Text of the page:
The tour begins in earnest with a Twenty20 but most attention will focus on the Test series.
Wellington: South Africa open hostilities on Friday against New Zealand on a six-week tour they hope will climax with a 3-0 Test sweep that would see them topple England from the top of the Test rankings.
The tour begins in earnest with a Twenty20 international in Wellington but most attention will focus on next month's Test series as South Africa, currently second in the ICC world rankings, look to become top dogs.
England's lead in the rankings was slashed to a single point after their humiliating 3-0 whitewash against Pakistan, meaning South Africa can overtake them if they post a similar scoreline in the Test series against New Zealand.
However, the Proteas have never managed a clean sweep in a three-Test series against the Black Caps and coach Gary Kirsten conceded his charges may have trouble adapting to unpredictable wickets.
"For any team it takes a bit of time to adjust to the weather and wickets," he said. "The wickets can be quite different every time you come here."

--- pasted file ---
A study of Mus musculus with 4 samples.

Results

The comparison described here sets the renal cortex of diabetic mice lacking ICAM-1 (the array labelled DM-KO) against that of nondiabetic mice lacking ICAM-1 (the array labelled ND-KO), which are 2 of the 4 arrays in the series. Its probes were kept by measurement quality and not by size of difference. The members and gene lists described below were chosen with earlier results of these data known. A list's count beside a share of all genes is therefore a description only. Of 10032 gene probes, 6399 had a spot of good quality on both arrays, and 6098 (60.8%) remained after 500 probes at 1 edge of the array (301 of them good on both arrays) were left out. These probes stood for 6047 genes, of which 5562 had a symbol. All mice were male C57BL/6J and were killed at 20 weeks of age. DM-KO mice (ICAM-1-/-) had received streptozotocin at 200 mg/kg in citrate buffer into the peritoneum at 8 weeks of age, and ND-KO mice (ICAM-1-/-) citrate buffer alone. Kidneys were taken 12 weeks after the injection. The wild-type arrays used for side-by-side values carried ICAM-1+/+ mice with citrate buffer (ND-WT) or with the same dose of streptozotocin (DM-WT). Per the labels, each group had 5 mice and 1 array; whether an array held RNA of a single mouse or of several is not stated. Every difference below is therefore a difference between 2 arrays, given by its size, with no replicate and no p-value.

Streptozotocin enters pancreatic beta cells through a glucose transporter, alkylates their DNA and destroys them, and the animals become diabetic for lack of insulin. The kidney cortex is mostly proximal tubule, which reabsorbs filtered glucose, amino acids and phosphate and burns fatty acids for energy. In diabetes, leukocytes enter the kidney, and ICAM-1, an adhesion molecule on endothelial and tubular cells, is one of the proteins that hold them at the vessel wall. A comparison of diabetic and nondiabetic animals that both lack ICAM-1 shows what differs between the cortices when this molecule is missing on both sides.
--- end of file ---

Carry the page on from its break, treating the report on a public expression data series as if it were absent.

The tour, including three T20 internationals, three one-day internationals and three Tests, will provide a gauge for New Zealand coach John Wright of how far his team has come following his appointment in December 2010.
Wright guided the Black Caps to the semi-finals of last year's World Cup in a campaign which included a shock quarter-final win over South Africa that was marred by an ugly spat after Proteas batsman AB de Villiers, now the one-day and T20 skipper, was run out.
New Zealand also scored a rare Test victory on Australian soil to draw a series with the Baggy Greens in December and Wright has unearthed a rich seam of young talent, including batsman Kane Williams and seamer Doug Bracewell.
And they are confident after a string of comprehensive wins over Zimbabwe over the past month in a Test match, three one-dayers and two T20 matches.
Kirsten, whose team is coming off a Test series win over Sri Lanka last month, said the World Cup bust-up with New Zealand was in the past and his players would not be drawn into a slanging match with the home side.
"I don't think we're going to be worrying too much about what New Zealand are doing," he said.
"We feel if we play really good cricket and don't say anything we're going to win more games than we'll lose. If New Zealand feel they want to get verbal with us, that's their business."